Not long after the final June classes get out, the gymnasium at Woodburn High School echoes with the pounding of feet and basketballs.
The Woodburn girls basketball team, fresh off their first foray into the 4A classification are eager to build upon last year's successes and continue to add upon all they had learned under first year head coach Taylor Belmont.
"I've been really proud of them," Belmont said. "You can tell a lot of the basic skills that we did every day last year, now they've got them down. So they're just moving on, so it feels like the baseline is higher, which is awesome."
Last season, Belmont took over a Woodburn program that was coming off of back-to-back seasons in which the team won just one game and had gone 0-14 in league play.
Many of the of the games in that span were decided after the first quarter of play and most were done by halftime. Belmont entered the program seeking to change the mindset of the Woodburn players from one in which losses were an inevitable outcome to one in which losses should fought against every minute until the final buzzer.
While the Bulldogs finished the 2018-19 season with only three more wins than the year before, the success was evident between the lines. Games that were decided by 40 or 50 points were now down to 20 to 30 points. Woodburn entered the second half of games with the results still up in the air. Practices were intense, but fruitful.
Belmont knows that the increased intensity and increased expectations will likely drive off some potential players who are not used to the level of athleticism required to succeed in varsity high school basketball, but with a pool of athletes as large as what is available at Woodburn, she knows that the team can thrive with a core group of committed girls.
"Last year we worked really hard and it was probably a lot harder than they were used to be working, and there's a group of kids that loved it, and they're here and ready for more," Belmont said.
When June 1 hit, the basketball courts were filled with a number of players eager to build on the lessons learned last year. With all but one starter graduating, that means a lot of open playing time for the athletes who spent their time learning and watching from the bench or playing reserve minutes.
"We're building a program with an identity of if you're committed, motivated and want to give 100 percent, we're going to do that as a team," Belmont said.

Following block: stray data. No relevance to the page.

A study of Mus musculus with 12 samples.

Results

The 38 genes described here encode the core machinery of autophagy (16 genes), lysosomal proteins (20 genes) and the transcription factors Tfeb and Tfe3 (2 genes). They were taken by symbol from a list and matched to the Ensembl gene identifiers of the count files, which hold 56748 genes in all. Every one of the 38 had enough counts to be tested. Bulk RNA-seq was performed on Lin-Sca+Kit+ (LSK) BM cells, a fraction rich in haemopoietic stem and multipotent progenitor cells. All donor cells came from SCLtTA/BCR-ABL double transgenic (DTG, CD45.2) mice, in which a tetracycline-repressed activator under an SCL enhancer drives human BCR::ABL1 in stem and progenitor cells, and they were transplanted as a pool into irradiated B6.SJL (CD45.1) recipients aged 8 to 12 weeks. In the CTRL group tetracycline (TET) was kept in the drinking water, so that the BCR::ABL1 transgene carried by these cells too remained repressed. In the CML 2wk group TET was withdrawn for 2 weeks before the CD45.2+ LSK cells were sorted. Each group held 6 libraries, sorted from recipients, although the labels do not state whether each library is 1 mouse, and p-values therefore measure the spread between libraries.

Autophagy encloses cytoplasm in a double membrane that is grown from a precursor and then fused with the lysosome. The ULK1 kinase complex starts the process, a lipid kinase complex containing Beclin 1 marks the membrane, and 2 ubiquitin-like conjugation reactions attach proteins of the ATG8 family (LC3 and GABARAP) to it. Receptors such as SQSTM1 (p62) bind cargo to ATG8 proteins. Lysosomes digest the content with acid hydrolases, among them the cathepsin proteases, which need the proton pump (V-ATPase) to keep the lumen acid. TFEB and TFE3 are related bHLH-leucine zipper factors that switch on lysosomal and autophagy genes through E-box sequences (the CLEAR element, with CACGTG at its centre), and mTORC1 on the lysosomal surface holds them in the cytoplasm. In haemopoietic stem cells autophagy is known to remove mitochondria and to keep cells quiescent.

The results are coming through in the summer league games. In Woodburn's opening tournament of the month, the varsity team went 2-2 and the junior varsity team went 2-2. The JV2 went winless in their four games, but that's another success in itself. Last summer, there wasn't enough players to form a second junior varsity team.
"Probably the most exciting thing is we have 21 eighth graders out," Belmont said. "Last year we only had three. It's a ton of girls, which is awesome."
The incoming freshman class directly correlates to the 5th/8th grade AAU program that was created two years ago. Now that many of those players have been building their skills and interest in the sport, they're entering high school looking to bring that same enthusiasm to Belmont's program.
"Definitely the youth program is playing a huge role, and they're starting to come through," Belmont said. "That's really incredible."
It will be a few years before most of them will be able to see any time on the varsity team. In the meantime, the Bulldogs are working with a relatively small group of girls, size-wise.
With only two post players out this summer, Woodburn is relying on its platoon of guards and wings to outrun and outgun opponents.
"They're (guards and wings), pretty good shooters, so our team dynamic just completely shifted," Belmont said. "We lost some post players, and now we have wing players, so we're just kind of switching it up."
Woodburn's lone returning starter, sophomore guard Aria Kent, who is fresh off a season in which she earned Second Team All-Conference honors, leads a bevy of shooters and slashers. The Bulldogs will seek to define their success next season, seeking to make up for their lack of size with a flurry of outside shooting.
"We've been going lots of four-guard stuff, doing lots of new offenses and defenses, just experimenting, trying to find stuff that works for our personnel," Belmont said.
Woodburn is expecting that will result in more wins and a run at a state playoff berth, but regardless of the numbers the team puts up in the standings next year, the team's sweat equity put in on the practice floor and in empty summer league gymnasiums will be evident in every contest come this December.